Donald Trump Doubles Down On Promise To Refuse Transfer Of Power If Biden Wins The Election

President Donald Trump continued to cast doubt on whether he will peacefully stand aside if he loses the upcoming election to Joe Biden. As reported by CNN, Trump again pointed to unsolicited mail-in votes as a reason to assume the election results could be wrong.

Earlier on Thursday, the Republican Party said it was committed to a legal and normal transfer of power if Biden wins. Party officials were putting out fires caused by comments Trump made on Wednesday saying there "won't be a transfer, frankly" if mail-in votes are used.

Despite Republicans backtracking the president, Trump decided to double down on his rhetoric when preparing to leave the White House Thursday night. He continued to argue mail ballot voting is rife with fraud and the method would cast doubt on the election results.

"We have to be very careful with the ballots, the ballots, that's a whole big scam," Trump told reporters.

Despite Trump's accusations, there is no evidence that mail votes are a serious fraud risk. Furthermore, this voting process is only accepted in nine states and Washington, D.C. Still, Trump continues to stick to his position and has cast doubt on whether he would agree to stand down as president.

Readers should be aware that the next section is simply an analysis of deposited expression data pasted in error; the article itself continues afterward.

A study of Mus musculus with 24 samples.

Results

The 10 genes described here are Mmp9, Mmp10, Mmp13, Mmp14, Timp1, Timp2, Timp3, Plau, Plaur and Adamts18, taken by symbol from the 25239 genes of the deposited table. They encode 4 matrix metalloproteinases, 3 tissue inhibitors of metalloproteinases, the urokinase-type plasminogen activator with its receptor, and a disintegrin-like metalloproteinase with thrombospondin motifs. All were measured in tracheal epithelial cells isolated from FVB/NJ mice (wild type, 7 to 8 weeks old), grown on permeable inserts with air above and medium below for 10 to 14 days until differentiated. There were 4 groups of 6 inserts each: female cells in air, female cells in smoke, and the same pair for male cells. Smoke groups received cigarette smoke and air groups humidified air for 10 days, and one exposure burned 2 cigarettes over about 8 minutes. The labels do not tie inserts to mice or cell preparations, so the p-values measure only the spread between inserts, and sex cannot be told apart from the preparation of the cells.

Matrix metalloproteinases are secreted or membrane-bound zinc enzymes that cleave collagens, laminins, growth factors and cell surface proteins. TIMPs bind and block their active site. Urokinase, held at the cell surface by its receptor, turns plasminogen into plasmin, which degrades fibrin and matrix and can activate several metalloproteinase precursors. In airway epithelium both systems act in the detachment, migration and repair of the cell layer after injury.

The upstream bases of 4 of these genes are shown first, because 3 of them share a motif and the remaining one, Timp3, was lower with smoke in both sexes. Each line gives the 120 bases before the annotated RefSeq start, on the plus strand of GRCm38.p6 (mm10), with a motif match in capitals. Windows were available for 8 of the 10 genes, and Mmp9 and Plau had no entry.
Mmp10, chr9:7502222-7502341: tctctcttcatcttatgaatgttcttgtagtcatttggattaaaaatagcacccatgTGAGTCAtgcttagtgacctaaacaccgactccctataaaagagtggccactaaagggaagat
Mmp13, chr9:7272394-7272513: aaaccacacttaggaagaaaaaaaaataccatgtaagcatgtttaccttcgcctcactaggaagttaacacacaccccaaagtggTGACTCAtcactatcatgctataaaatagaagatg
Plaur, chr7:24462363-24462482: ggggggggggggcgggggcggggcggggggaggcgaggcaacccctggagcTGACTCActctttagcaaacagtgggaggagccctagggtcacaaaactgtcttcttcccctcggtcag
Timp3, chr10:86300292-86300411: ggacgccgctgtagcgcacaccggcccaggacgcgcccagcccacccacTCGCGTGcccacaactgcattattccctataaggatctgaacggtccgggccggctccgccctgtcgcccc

A employee at the Utah County Election office puts mail in ballots into a container to register the vote in the midterm elections on November 6, 2018
Getty Images | George Frey

He said the November election must be "honest" and "I'm not sure that it can be, I don't know that it can be with this whole situation, unsolicited ballots, they're unsolicited, millions being sent to everybody."

Reporters again pressed Trump on whether he would stand down should he lose the election, and he again refused to commit.

"Well, we're going to have to see what happens."
Peaceful presidential transitions are one of the cornerstones of the U.S. political system. It would be an unprecedented move for an incumbent to refuse to leave office and make way for a successor.

While Trump is standing behind his message of mail-in voting fraud, he has threatened to refuse a transition of power since 2016. Shortly after winning his presidency, he said he'll "have to see" if he would step down or stay beyond his constitutional term. That initial statement was believed to be a joke, but as the election approaches it is looking increasingly like he was serious.

Earlier this week, The Atlantic reported on the ramifications if Trump refuses to concede. There are mechanisms to ensure an incumbent cannot unfairly hold on to power. However, Democrats in Washington are concerned a refusal to concede the presidency would cause civil unrest, require a battle in the courts, and shake the foundations of the U.S. political system.